TikTok parent company ByteDance has reportedly agreed to sell its U.S. operations to prevent the Trump administration from banning it in the U.S., according to Reuters.
It was not clear on Saturday how the deal would involve Microsoft, or whether it would prevent a ban, but Reuters reported that Microsoft would be responsible for protecting US user data and that the plan would allow another US company to acquire TikTok in the US.
The administration has threatened to ban the video-sharing app for several weeks; Secretary of State Mike Pompeo said on July 7 that a ban is “something we’re looking at”. President Trump said on Friday “we are banning them from the United States,” but did not provide any details other than his intention to take action on Saturday.
TikTok US General Manager Vanessa Pappas said in a video on Saturday that “we don’t intend to go anywhere” and the company is “here for the long haul”.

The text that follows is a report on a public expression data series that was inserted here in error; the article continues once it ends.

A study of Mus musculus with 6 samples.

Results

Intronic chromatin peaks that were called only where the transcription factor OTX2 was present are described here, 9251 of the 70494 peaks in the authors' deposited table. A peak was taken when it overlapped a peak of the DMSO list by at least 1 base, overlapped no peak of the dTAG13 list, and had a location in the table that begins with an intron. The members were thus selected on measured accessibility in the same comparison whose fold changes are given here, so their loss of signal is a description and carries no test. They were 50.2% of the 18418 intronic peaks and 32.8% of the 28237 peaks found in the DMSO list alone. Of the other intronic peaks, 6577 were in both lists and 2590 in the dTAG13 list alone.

TikTok is a subsidiary of Beijing-based ByteDance and has been investigated for its privacy practices and possible ties to the Chinese government. Pompeo has compared TikTok to Huawei and ZTE, two Chinese companies that the Trump administration has identified as threats to U.S. national security.
Last month, TikTok users and K-pop fans encouraged followers to buy tickets to President Trump’s rally in Tulsa, but not to show up, trying to clear the seats at the rally. The turnout for the rally was lower than the Trump campaign expected.
Reports on Friday suggested that the Trump administration might force the Chinese owner of TikTok to dispose of it, and several published reports indicated Microsoft was in advanced talks to take over the company.
U.S. law has no precedent for blocking software like China’s Great Firewall does.